March 17, 2021

Suffolk Students Win CEWIT Center Hackathon for Vaccine Finder Website

Patricia Moore and Ryan Weiss
Patricia Moore and Ryan Weiss

Four Suffolk County Community College Computer Science and Engineering students took top honors in their category at the Center of Excellence in Wireless and Information Technology (CEWIT) at Stony Brook University’s Fifth Annual Hackathon, Hack@CEWIT 2021: Innovating Through the Pandemic for developing an easy-to-use COVID-19 vaccine-finder website that is senior citizen.

Suffolk students Sean Afridi of Ronkonkoma, Patricia Moore of Stony Brook, Ryan Weiss of Manorville and Joshua Muckey took top honors in the Best Pandemic Innovation category for their “65+ vaccine finder intended to notify by email and/or text.”

“The prompt for this hackathon was ‘innovating through the pandemic,” said Suffolk Computer Science Club President Patricia Moore. “I had recently spent an extended amount of time trying to get my 70- and 74-year-old parents’ appointments to get their first vaccine jab. And it was virtually impossible for them. And was very difficult even for me. So, of course I'm all riled up from having to struggle through this for several hours. They say the prompt is innovating through the pandemic. I'll show you innovating through the pandemic. We’re going to make a better website! I mentioned that to my classmates, and they all said it was a good idea.”

The team set off to code and build a website in approximately 36 hours -- from February 26 to 28.

The Vaccine Finder website collects a user's location, either zip code or full address and email and/or phone number. The location is used to find the nearest vaccine sites. The user is then put on a notify list and sent an email and/or text to when vaccine is available.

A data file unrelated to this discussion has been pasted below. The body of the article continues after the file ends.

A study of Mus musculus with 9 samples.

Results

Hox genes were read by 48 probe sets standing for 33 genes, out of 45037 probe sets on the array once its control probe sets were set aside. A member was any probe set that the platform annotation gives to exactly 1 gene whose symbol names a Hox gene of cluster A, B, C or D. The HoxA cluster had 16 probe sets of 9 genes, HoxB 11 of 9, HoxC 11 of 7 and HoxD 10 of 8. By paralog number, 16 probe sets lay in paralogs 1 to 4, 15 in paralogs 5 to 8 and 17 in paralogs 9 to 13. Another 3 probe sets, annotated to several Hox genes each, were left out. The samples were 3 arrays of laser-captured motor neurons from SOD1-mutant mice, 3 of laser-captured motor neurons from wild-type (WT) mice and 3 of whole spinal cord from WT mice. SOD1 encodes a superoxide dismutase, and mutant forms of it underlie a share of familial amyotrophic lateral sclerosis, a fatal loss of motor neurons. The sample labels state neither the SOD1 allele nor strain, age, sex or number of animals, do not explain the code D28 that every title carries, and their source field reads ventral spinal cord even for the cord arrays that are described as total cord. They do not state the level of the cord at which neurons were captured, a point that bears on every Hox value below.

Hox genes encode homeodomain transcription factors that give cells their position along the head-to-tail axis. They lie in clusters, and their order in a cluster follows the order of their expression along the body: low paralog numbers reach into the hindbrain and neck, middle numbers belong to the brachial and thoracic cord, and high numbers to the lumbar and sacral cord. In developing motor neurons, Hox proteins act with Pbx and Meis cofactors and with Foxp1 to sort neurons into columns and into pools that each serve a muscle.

Moore began by building the web site’s physical presence using large type and high contrast graphics that are user friendly and easy to navigate among the senior citizen target audience.

Muckey coded with a “web scraper” and scraped location data from sites that Afridi analyzed and organized. Ryan Weiss began building the text and email notification system

“It's the two days that we spent learning together under a time crunch. I can't overstate how transformative those two days were because now I think all of us feel more confident in our ability to make things that help people,” Afridi said. “We learned a lot about how to work together and modularize our efforts, especially when working with more than one person on a deadline.”

Weiss said it was challenging. “We had to try and learn everything on the fly while we're doing it, which was fun. Definitely a bit difficult. We definitely didn't take the easy route.”

“Our Computer Science program attracts a large group of smart and hardworking students every year,” said Suffolk County Community College Assistant Academic Chair and Professor of Computer Science Ben Chen.  “It has enjoyed a great reputation for its quality across New York State over the years. Our graduates have been transferring to highly reputable Computer Science programs in SUNY schools as well as in other parts of the country. Some were recruited to work for large high-tech companies such as Amazon, Google, and Facebook. We are very proud of of all of them.”

For now, the Vaccine Finder web site is not live, but the group hopes, time permitting, to build out the site completely and deploy it.